Crazy eye movements
When we fall asleep we initiate a complex serious of change in consciousness that succeeds each other throughout the night. There is no one uniform that we call sleep. The deepest sleep comes almost immediately after we fall asleep, followed by a period of lighter sleep, this is when our eyeballs go crazy beneath our closed eyelids.
This phase is called rapid eye movement (REM) when sleep is associated with dreaming. On average this happens 5 times a night during an 8 hours sleep pattern and generally wakening after the first one. People wakened during REM will briefly remember their dreams but shock of an alarm clock going off will probably instantly drive our dreams away.
Many people will say they never dream but through research it’s proven that everyone dreams. The EEG machine that used to measure our brain activity has established a sleep pattern we all conform to. As we become drowsy our brainwaves become longer and slower and eventually the delta waves of the deepest sleep. This is when our bodies go into shutting down our systems; digestive processes and the production of urine diminishes. The heart slows down, under closed the eyelids the pupils contract and our bodies require less oxygen to breath.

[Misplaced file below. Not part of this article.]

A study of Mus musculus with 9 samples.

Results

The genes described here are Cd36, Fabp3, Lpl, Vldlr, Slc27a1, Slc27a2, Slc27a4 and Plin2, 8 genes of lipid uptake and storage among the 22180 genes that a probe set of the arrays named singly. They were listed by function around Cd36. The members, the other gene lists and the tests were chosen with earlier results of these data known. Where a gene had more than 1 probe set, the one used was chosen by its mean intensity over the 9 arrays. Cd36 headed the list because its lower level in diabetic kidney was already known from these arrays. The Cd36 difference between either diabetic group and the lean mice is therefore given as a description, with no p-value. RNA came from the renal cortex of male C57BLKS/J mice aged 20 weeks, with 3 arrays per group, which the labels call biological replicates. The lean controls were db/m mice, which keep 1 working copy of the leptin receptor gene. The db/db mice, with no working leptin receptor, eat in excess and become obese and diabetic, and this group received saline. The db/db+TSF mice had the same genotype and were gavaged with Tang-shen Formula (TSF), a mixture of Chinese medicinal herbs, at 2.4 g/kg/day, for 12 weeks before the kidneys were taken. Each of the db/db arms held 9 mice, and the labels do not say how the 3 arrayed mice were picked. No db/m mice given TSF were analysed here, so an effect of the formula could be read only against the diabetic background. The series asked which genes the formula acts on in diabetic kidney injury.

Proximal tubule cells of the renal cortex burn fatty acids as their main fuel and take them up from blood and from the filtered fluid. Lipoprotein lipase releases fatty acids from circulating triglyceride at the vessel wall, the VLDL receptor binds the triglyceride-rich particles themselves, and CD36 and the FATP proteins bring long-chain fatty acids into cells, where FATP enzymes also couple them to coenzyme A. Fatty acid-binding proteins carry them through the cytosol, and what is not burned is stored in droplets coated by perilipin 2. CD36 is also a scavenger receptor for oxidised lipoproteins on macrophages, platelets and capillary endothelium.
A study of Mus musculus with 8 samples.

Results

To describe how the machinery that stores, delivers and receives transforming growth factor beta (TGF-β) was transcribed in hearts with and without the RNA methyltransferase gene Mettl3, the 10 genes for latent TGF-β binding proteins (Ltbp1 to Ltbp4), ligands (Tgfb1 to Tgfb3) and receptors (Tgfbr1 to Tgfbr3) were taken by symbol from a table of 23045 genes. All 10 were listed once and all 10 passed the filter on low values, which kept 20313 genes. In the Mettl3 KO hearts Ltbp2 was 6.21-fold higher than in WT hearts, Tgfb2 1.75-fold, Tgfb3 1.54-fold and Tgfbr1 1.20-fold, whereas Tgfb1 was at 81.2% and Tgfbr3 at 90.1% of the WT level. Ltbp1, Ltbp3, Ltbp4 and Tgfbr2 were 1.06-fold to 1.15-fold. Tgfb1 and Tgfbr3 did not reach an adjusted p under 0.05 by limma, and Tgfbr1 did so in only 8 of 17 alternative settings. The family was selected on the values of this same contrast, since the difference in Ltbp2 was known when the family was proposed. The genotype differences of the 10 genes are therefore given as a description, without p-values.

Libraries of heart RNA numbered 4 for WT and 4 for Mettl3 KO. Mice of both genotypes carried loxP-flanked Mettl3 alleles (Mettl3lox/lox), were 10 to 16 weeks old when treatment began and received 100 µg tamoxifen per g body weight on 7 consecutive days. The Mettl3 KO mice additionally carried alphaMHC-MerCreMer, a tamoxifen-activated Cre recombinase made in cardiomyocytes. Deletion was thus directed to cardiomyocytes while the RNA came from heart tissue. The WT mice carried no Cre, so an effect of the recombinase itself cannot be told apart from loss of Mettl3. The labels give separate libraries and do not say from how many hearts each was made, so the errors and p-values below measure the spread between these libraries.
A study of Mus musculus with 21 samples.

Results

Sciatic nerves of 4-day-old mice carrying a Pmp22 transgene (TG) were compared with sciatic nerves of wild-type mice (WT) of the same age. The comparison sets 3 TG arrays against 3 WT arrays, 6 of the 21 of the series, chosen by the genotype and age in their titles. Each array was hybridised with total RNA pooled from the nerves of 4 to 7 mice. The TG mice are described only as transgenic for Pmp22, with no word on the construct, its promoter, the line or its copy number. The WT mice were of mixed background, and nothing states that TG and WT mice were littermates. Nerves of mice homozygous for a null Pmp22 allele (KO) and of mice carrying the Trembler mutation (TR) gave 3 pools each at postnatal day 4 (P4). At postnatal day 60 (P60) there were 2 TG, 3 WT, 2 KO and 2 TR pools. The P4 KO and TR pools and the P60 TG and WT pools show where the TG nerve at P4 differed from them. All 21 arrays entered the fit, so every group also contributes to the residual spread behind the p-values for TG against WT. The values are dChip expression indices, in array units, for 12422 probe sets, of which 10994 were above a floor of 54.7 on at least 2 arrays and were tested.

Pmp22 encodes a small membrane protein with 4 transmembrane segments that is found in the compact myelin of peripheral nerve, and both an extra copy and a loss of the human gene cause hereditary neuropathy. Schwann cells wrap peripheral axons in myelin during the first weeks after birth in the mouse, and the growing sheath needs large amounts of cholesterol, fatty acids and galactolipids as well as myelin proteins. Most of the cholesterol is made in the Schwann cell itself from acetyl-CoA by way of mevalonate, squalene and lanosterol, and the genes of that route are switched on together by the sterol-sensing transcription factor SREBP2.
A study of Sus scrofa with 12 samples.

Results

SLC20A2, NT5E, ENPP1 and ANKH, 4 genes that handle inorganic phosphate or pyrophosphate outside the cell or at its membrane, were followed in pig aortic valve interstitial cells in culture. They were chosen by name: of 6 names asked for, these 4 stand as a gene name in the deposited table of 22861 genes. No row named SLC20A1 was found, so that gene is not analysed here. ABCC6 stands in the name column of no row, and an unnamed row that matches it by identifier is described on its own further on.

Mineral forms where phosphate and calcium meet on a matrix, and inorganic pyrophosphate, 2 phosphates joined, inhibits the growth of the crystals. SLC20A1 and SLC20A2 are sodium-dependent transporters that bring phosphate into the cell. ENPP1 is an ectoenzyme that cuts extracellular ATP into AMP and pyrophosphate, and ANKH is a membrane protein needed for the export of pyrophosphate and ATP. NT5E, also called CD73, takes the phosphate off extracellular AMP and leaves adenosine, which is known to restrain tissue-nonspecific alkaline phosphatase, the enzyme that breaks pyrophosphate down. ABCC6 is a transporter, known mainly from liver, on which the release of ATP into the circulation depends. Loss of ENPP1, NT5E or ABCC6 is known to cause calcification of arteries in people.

There are two forms of sleep Orthodox and Paradoxical
We start with Orthodox which is split into four phases, The first is accompanied by slower pulse and is a light sleep where the brainwaves slow down. A state that the smallest noise or street lamp can wake you. Second and third phase we enter a deeper state of relaxation and slower rate of breathing. Phase four we enter a deep sleep, the EEG records long slow delta waves proof of no mental activity taking place.
Approximately 90 minutes every night we enter the paradoxical sleep with rapid eye movement, increased heart rate and blood pressure and fast erratic brainwaves, a sudden agitation of mental activity. We are dreaming.
Some physical can mimic wakefulness, production of adrenalin during dreaming of danger or horror but during dreams of this phase our muscles are at their weakest, it’s like we are paralysed.
Physiological dream is where physical activity or outside influences are dramatised in our dreams e.g a telephone ringing could be dream alarm or a full bladder could turn into a dream of drowning. People who are highly active especially if its been dangerous, traumatic or mentally stretched require more paradoxical sleep. The soothing restoration of harmony that sleeping and dreaming brings.